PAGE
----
Tom Reiss' swashbuckling new book, "The Black Count," tells the true story of Alex Dumas, son of a French nobleman and an African slave, the father of author Alexandre Dumas and the inspiration for the younger Dumas' classic novel "The Count of Monte Cristo."

Special to The Seattle Times


by Tom Reiss

Crown, 414 pp., $27

There are no statues in monument-laden France commemorating the legendary 18th century swordsman and general Alex Dumas, whose son Alexandre based literary classics like "The Three Musketeers" and "The Count of Monte Cristo" on scenes from the elder's epic life story.

It's a sad civic oversight, but nothing compared to the tragic decline suffered by the novelist's heroic father as laid out in Tom Reiss' fascinating, and dare to say, swashbuckling new biography, "The Black Count: Glory, Revolution, Betrayal and the Real Count of Monte Cristo."

It turns out that the heroes in those classics are modeled on a black man who was born in 1762 in the French colony of Haiti. Alex Dumas was the son of a wayward French nobleman and an African slave, and it is his biracial identity that adds such rich complexity to his rise through the ranks of the French military to become one of the most beloved generals of his time, arguably even more admired than Napoleon, a fact that probably didn't sit well with the megalomaniacal future ruler.

It was Napoleon who tapped Dumas to command the cavalry that invaded Egypt, an enormous, and as it turns out, fateful honor.

"The Black Count" meticulously evokes the spirit of Revolutionary and Napoleonic France, but it also explains the exasperating paradox of a nation that was simultaneously a huge slaveholding empire and the pioneering exponent of the concept of "liberté, egalité, fraternité."

Let's not forget the context. By the 1750s, black slaves taken to France were able to sue their masters for freedom. After the French Revolution in 1793, special schools were set up in France to educate the children of "revolutionaries of color" from the colonies. Black and mixed-race politicians were allowed to serve in the national government.

Dumas comes across as something of a superhero, a formidable warrior but also a man of great integrity who cares as much about the dignity of the victims of conquest as he does his own soldiers'. The more intimate details of his life after moving to France are interesting too, given that Dumas had "the unique perspective of being from the highest and lowest ranks of society at once," as Reiss writes.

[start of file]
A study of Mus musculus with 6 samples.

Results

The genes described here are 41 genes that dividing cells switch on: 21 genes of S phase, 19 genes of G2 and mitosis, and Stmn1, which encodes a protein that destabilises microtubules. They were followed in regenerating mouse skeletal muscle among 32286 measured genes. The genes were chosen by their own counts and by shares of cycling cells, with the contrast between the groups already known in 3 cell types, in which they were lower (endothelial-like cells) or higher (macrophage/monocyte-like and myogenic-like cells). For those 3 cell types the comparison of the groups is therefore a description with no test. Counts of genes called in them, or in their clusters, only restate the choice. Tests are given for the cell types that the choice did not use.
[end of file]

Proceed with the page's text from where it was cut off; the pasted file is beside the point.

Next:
"A black face in a sea of white," the dashing Dumas certainly stood out in the fashionable haunts of Paris, but he didn't let his uniqueness hold him back.

It's no wonder that the general's son drew on his life adventures for literary inspiration. The story of "The Count of Monte Cristo," in which a sailor is wrongfully locked up in a fortress and seeks justice afterward, echoes what actually happened to his father as a prisoner of war who loses favor with Napoleon and fights just to receive reparations for his ordeal. Reiss's explanation of these circumstances makes this lost chapter of history come alive.

Interestingly, his son had mixed fortunes in France, too. "George," the story of a mixed-race Parisian swordsman from the colonies inspired by his dad, was a flop for Alexandre Dumas, compared to stories of his in which the race of the hero is left unclear. Times in France had clearly changed since the idealistic days of the Revolution.

The author himself was bitterly mocked by his French contemporaries for his African heritage, despite being only one-quarter black.

There actually used to be a statue of Gen. Dumas in France, but as Reiss explains, the Nazis destroyed it. It was never replaced.

At least we now have a monument to the lives of both Dumas and his adoring son in the pages of "The Black Count."